GOPC Testifies before Governor's Advisory Committee on Transportation Infrastructure

Governor’s Advisory Committee on Transportation Infrastructure

Interested Party Testimony | Jason Warner, Greater Ohio Policy Center

Wednesday, February 6, 2019


Members of the Advisory Committee on Transportation Infrastructure, I want to thank you for providing me this opportunity to speak to you today about transportation in Ohio.


Investments and improvements to our state’s transportation system have been a priority for GOPC since our founding. Today, we are recognized by policymakers and agency administrators as being a pragmatic voice for reform to Ohio’s transportation funding priorities. Our work on innovating transportation has, over the years, resulted in improvements to Ohio’s transportation budget and renewed investment in public transportation systems – lifelines that connect workers to jobs and vulnerable populations to needed services.

As this panel is acutely aware, Ohio is a diverse state, requiring a range of transportation options. You have heard considerable testimony about the need to invest in our transportation infrastructure, and there is not much that I can add to what has already been said. Instead, I want to draw the attention of this panel to one of the more underutilized methods that we have at our disposal to alleviating congestion and reducing the damage inflicted upon our roadways – public transportation.

Ohio’s 61 public transit agencies provide an average of 10 rides for every single Ohioan every year. 83 of Ohio’s 88 counties are served by an urban, rural or specialized transportation program.[1]

The state’s goal must and should be to keep our roads and bridges in a state of good repair for as long as possible, and with every dollar stretched. As such, mass transit is one demonstrated way to achieve these goals. How exactly, allow me to provide a simple example.


The average passenger automobile, when containing a single occupant, weights 4,000lbs. The average transit bus, when fully occupied, weights 44,000lbs. If you place 48 cars on the road, they will take up more space, and add nearly three times more weight to roadways than that single, fully occupied passenger bus.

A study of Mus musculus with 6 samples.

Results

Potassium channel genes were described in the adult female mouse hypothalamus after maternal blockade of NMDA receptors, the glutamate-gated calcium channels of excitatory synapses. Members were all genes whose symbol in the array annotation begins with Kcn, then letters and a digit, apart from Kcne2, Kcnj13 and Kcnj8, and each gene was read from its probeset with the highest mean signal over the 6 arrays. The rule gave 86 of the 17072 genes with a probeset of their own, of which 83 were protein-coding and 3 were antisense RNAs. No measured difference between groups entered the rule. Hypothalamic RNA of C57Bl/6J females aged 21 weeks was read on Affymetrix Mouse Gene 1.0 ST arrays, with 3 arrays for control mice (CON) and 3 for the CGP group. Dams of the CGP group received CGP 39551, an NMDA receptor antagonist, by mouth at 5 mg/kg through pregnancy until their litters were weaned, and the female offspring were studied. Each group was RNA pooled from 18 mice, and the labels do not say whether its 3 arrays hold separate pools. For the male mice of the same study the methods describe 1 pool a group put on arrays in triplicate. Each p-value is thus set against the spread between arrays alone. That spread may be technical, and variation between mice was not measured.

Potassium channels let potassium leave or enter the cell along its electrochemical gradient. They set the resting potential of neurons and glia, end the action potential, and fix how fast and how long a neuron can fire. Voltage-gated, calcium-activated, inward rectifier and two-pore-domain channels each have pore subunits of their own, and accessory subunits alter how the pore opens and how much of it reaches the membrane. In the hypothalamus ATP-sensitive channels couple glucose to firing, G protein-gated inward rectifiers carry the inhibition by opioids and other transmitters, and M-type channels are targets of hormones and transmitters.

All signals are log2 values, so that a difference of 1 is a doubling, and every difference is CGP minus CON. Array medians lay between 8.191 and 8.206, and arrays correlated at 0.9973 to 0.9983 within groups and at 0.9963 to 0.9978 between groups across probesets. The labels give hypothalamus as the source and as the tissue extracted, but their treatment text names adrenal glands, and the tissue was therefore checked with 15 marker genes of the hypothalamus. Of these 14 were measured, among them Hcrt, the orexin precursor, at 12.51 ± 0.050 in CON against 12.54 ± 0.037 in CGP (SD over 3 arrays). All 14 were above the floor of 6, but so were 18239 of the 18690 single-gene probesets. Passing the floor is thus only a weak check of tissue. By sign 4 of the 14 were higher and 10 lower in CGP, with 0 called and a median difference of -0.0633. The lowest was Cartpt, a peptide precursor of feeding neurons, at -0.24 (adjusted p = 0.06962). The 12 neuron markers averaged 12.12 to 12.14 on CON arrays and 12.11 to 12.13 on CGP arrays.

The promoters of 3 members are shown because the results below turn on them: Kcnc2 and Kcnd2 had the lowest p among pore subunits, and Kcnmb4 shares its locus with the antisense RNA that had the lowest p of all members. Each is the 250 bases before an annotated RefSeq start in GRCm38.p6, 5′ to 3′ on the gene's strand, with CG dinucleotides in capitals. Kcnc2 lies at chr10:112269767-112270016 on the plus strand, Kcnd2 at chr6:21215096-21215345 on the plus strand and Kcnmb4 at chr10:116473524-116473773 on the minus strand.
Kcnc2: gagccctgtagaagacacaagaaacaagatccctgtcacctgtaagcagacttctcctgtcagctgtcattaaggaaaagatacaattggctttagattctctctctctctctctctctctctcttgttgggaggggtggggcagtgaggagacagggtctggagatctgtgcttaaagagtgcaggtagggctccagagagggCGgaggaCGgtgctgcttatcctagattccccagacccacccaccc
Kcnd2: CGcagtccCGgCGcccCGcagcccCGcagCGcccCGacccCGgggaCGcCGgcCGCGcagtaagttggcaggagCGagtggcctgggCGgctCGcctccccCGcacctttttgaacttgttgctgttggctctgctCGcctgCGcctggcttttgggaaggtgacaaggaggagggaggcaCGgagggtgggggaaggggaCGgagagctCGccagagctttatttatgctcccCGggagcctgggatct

In rural settings, dial-a-ride trips do put wear and tear on roads, and existing system inefficiencies exacerbate this problem. Innovation that creates smart coordination of rides can reduce the number of these trips and ease pressure on our states roadways.

GOPC has long argued in support for restored and enhanced funding of public transportation in Ohio. The funding we are advocating for should go to operations, capital projects, and most importantly, innovation. Transportation is evolving and it is important that mobility options are increasing every year. While ridership on public transportation systems across the state continues to increase[2], further investment in public transportation would help to fuel an increase in ridership – alleviating roadway congestion and reducing wear and tear on infrastructure. Public transportation systems in Ohio are eager to lead their communities by bringing new mobility solutions that help get more people to work and critical services and, ideally, decrease costs.

Out of respect for the committees time, I will not review the recommendations that GOPC has previously made on ways transit can be funded. However, I have attached a copy of our white paper, Fueling Innovation in Transit, to my testimony. I would urge the members of the advisory committee to review the recommendations and keep them under consideration as you complete your report.

As an urban and rural state, Ohio requires a range of transportation options to facilitate the safe and efficient movement of people, goods and services. Public transportation serves as a vital link for millions of Ohioans.

Investment in public transportation must be considered alongside the important investment that is needed in maintaining and upgrading our transportation infrastructure to meet the needs of market demand and modern economic realities. Investing in both our infrastructure and a robust and comprehensive public transportation system can be a win-win: increased transportation options with less congestion and less wear and tear on Ohio’s roadways. These paired investments are vital for Ohio’s future.

Members of the Advisory Committee, thank you for the opportunity to share our thoughts on the issue of public transportation and why we believe that it is directly linked to the work you are doing.

To see Jason Warner’s full testimony, go to:

[1] Five Counties – Defiance, Holmes, Noble, Pauling and Wayne Counties, have no form of public transportation.

[2] Ridership on statewide public transit systems increased 2% between 2013 and 2016. Status of Public Transit in Ohio, Ohio Department of Transportation. April, 2018.